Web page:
Treating overdose deaths like murder will only deter 911 calls for help

Posted 6/3/19

On Wednesday, 24-year-old Emma Semler was sentenced to 21 years in federal prison for her friend’s overdose death. The Inquirer’s Jeremy Roebuck and Aubrey Whelan reported that in 2014, Emma met …


Posted

On Wednesday, 24-year-old Emma Semler was sentenced to 21 years in federal prison for her friend’s overdose death. The Inquirer’s Jeremy Roebuck and Aubrey Whelan reported that in 2014, Emma met up with Jennifer Rose Werstler, a friend she had met in rehab. The two used heroin together in a bathroom of a restaurant in West Philadelphia. Jennifer overdosed and died. Emma, who brought the drugs and left the scene, was later charged by federal prosecutors and convicted of heroin distribution — which has a mandatory minimum of 20 years if it involves a death.

Emma’s story is not rare in Pennsylvania. In an effort to deter drug use, prosecutors are charging people who provide a drug that causes an overdose with homicide — often called “drug-induced homicide” or “drug delivery resulting in death.”

Pennsylvania district attorneys use this charge more than prosecutors in any state. Three out of the top five counties that use these charges most often are in Pennsylvania. Lancaster tops the list with 66 charges in 2018 — a shocking number considering the estimated 107 overdose deaths in the county that year. According to the Administrative Office of Pennsylvania Courts, charges of drug delivery in death increased 1,267 percent between 2013 to 2017.

The logic that such charges may prevent overdose deaths is rooted in the false idea that people who sell or provide drugs and people who use drugs are two distinct groups — the former members of a criminal enterprise, the latter, people who are sick and need treatment. But people who use drugs often share them, or sell them to support their addiction.

The Health in Justice Action Lab at Northeastern University analyzed more than 200 drug-induced homicide cases. In about half of those cases, the person charged was a friend, family member, caretaker, or the partner of the victim — not a “traditional” dealer.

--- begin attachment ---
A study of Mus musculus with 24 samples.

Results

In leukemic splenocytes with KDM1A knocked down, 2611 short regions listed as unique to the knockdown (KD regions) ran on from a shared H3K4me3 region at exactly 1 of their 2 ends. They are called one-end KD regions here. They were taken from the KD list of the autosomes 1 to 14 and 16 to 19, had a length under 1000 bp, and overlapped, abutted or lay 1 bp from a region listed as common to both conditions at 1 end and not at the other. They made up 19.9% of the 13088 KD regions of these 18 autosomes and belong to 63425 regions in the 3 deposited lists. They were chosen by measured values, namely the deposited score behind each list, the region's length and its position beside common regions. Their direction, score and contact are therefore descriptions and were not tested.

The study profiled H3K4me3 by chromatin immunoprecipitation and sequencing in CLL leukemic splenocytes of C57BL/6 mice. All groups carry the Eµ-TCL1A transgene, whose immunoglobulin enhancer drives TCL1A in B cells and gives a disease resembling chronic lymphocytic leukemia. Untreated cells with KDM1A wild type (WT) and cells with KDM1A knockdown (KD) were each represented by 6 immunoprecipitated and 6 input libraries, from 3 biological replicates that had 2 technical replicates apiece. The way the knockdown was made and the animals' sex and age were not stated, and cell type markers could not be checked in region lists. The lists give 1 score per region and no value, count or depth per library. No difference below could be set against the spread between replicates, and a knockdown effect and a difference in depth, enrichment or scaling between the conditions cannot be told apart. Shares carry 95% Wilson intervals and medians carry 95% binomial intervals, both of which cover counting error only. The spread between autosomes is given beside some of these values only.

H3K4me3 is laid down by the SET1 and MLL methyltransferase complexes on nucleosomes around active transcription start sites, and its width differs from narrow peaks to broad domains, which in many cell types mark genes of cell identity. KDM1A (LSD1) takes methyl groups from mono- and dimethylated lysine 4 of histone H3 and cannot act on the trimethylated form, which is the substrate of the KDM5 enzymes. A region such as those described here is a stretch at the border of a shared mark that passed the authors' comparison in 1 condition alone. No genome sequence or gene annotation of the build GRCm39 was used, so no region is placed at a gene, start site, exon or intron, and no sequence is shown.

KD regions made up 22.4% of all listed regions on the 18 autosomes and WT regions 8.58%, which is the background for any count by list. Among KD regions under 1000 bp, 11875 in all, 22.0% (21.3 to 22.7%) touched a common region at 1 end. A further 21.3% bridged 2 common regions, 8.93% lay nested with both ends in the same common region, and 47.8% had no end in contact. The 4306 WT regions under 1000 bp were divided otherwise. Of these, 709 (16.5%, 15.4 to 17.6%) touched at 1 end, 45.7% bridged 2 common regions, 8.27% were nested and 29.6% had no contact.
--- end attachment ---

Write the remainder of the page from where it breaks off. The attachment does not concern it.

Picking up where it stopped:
The irony is that while there is no evidence that drug delivery resulting in death charges deter drug use, there is reason to believe that they deter another behavior — calling 911.

In 2014, Pennsylvania passed a Good Samaritan law that provides immunity from certain state-level drug charges when a person seeks help in the event of an overdose. The purpose of the law was to ensure that people call 911 when someone next to them overdoses, even if they are in possession of drugs. But according to Leo Beletsky, the faculty director of Health in Justice and drug policy expert, the Pennsylvania law is very limited. For starters, like all state law, it doesn’t offer any protection from federal prosecution. Nor does it provide protection from a drug delivery resulting in death charge.

The state Good Samaritan law can be amended to protect against homicide charges; this change could prevent the deaths resulting from people who are too afraid to call 911. Only a national Good Samaritan law can prevent a harsh sentence in federal court.

A common refrain from politicians and prosecutors in Pennsylvania is that addiction is a disease, not a crime. But by charging people in addiction who shared drugs as murderers, their action tells a different story.